The project is part of the City of Luxembourg’s policy to improve and stimulate active mobility between neighbouring districts and beyond the valleys and green slopes that characterize the capital.
This pedestrian and cycle connection, which aims to link the three districts of Cents and Weimershof on the heights and Neudorf in the valley between the two, is conceived not only as a gentle operation in terms of mobility, but also for all its component aspects, including its respectful relationship with the surrounding nature.
The 200 m-long footbridge, developed in co-creation with NEY and JSE, engineers in stability and special techniques respectively, was conceived as a filigree structure, limiting interactions throughout its implementation on the wooded slopes to be preserved as much as possible.
It is thus suspended by cables from three points: the two abutments, the arrival points on the plateaus, and a 70 m pylon from the valley, at the edge of the two wooded slopes. These three points define the asymmetrical design of the 136 mm main cables, which follow the forces to be taken up and transmitted to the three supports. The 20 mm secondary cables, carrying the 4.5 m wide deck, are triangulated to improve the overall rigidity and support of the deck, which is only 25 cm thick on average.
The supports for the main cables at the abutments are open to the sky and frame the welcome for users on the footbridge; the central pier, on the other hand, takes the closed form of a pinhead through which the thin deck passes like a sewing thread linking the two platforms.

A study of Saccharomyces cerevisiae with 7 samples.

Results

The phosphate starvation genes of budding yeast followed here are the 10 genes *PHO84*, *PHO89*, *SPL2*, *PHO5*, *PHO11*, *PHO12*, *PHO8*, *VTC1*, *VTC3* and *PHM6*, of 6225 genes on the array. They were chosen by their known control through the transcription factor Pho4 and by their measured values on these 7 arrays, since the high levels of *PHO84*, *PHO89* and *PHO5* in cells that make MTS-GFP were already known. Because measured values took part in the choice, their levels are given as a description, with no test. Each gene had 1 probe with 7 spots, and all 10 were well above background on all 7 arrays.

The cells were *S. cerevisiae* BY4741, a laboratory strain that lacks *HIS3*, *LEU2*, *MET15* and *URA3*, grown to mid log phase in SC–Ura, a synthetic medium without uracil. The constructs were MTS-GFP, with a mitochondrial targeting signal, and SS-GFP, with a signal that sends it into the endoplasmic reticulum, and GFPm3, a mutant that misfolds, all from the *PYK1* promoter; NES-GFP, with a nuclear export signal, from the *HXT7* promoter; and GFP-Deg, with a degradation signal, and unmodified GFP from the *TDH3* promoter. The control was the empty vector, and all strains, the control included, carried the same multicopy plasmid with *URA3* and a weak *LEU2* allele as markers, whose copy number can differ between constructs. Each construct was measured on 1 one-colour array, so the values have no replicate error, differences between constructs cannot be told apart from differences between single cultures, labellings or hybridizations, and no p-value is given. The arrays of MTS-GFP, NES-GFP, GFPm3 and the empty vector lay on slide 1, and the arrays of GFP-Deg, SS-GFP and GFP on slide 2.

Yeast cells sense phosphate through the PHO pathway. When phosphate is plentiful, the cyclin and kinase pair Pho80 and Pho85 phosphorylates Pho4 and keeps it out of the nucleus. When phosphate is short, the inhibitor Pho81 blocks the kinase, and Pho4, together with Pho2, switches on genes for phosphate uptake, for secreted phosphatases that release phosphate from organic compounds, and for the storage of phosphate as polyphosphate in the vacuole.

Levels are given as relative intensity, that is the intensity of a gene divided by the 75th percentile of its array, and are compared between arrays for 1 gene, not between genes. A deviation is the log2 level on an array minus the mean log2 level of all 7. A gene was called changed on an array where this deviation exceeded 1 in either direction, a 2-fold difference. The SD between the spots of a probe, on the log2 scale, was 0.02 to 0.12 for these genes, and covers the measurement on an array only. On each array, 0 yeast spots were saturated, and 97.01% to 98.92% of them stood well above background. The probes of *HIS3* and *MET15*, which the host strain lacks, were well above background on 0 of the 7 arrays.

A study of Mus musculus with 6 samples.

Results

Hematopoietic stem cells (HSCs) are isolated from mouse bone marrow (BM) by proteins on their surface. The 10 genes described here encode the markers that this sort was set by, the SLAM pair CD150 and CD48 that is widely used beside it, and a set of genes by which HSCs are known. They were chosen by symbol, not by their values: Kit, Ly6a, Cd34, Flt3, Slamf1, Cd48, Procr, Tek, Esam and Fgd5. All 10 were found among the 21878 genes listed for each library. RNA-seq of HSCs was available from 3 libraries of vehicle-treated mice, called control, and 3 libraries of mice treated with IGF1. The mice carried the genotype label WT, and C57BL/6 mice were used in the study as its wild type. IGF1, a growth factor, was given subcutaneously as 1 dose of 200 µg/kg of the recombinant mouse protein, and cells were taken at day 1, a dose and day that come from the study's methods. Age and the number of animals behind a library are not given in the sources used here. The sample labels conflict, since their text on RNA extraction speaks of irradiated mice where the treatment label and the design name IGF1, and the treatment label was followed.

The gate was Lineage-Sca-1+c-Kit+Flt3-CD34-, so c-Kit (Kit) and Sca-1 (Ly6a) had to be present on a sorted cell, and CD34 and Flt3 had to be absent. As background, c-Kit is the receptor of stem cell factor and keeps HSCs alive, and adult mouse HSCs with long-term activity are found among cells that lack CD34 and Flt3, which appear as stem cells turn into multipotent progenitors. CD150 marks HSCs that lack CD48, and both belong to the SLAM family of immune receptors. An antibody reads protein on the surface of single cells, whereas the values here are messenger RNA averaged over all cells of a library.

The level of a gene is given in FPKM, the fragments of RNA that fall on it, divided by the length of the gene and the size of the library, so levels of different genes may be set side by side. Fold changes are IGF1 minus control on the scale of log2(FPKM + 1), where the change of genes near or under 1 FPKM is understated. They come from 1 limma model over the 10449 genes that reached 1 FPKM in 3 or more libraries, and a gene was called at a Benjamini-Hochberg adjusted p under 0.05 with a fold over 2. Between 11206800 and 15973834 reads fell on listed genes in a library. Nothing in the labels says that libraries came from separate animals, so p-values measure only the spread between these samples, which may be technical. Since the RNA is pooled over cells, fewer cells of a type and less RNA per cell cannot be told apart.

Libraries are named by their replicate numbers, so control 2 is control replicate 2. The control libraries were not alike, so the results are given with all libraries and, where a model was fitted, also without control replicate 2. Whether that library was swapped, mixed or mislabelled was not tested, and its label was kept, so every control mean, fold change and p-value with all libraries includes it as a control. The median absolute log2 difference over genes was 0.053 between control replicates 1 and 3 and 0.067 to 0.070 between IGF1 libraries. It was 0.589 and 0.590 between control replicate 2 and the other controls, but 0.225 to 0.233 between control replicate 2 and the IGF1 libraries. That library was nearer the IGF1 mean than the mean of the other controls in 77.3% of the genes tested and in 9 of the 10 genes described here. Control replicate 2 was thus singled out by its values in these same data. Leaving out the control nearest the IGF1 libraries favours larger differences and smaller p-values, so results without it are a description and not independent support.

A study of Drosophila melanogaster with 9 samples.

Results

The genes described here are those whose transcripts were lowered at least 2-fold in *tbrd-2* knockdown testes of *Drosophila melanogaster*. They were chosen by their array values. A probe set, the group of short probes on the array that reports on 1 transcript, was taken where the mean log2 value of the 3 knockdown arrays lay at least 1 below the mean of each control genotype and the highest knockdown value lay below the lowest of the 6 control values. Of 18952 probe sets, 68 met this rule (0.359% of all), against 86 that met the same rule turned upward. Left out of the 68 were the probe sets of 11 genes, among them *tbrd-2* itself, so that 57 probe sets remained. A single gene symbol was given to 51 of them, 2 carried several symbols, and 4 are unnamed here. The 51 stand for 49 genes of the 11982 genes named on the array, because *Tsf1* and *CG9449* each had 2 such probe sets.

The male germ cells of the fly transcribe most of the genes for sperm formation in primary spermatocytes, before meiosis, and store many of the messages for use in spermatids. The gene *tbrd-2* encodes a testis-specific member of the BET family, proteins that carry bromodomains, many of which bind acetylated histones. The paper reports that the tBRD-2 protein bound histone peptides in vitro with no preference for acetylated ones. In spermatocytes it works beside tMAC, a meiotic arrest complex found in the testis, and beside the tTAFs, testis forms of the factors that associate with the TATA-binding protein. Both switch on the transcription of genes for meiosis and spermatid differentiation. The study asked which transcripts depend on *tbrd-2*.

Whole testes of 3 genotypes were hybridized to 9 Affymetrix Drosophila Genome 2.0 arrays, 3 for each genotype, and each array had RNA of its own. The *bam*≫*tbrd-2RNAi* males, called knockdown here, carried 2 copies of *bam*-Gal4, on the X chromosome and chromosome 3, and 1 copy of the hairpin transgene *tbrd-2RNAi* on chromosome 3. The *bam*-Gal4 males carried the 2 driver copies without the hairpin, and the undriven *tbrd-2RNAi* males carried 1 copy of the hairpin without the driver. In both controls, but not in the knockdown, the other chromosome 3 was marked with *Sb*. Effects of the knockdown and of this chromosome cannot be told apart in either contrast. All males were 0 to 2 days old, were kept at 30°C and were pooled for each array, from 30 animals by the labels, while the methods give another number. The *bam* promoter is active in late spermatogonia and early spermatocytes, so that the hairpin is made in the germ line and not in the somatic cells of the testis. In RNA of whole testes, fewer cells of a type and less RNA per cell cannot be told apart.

The elevator tower linking Neudorf to the two platforms is architecturally and structurally detached from the footbridge, with a distance of 4 m separating the two objects, each of which has its own identity while establishing a coherent dialogue. The pylon is slender and light in color, while the elevator reads as an elementary rectangular monolithic form, a kind of campanile also opposed by its darker color.
The shape of this 60 m tower is based on the functional and technical features required for the smooth operation of the 50 m elevator. The cabin has two doors facing each other, facilitating forward travel for cyclists. At Neudorf, the cabin door is prominently located opposite the rue de Neudorf, in a retaining wall in the foreground of the pylon. On the upper level, a connecting landing allows pedestrians and cyclists to exit the cabin, or to wait for it, while still having a clear view of the comings and goings on the footbridge.
On the other side of the landing, an overhang with a glass wall, and a continuous opening in the campanile over its entire height, like a tuning fork facing the city, offer spectacular views over the panorama of the valley axis and the capital’s characteristic skyline, especially the spires of the Cathedral.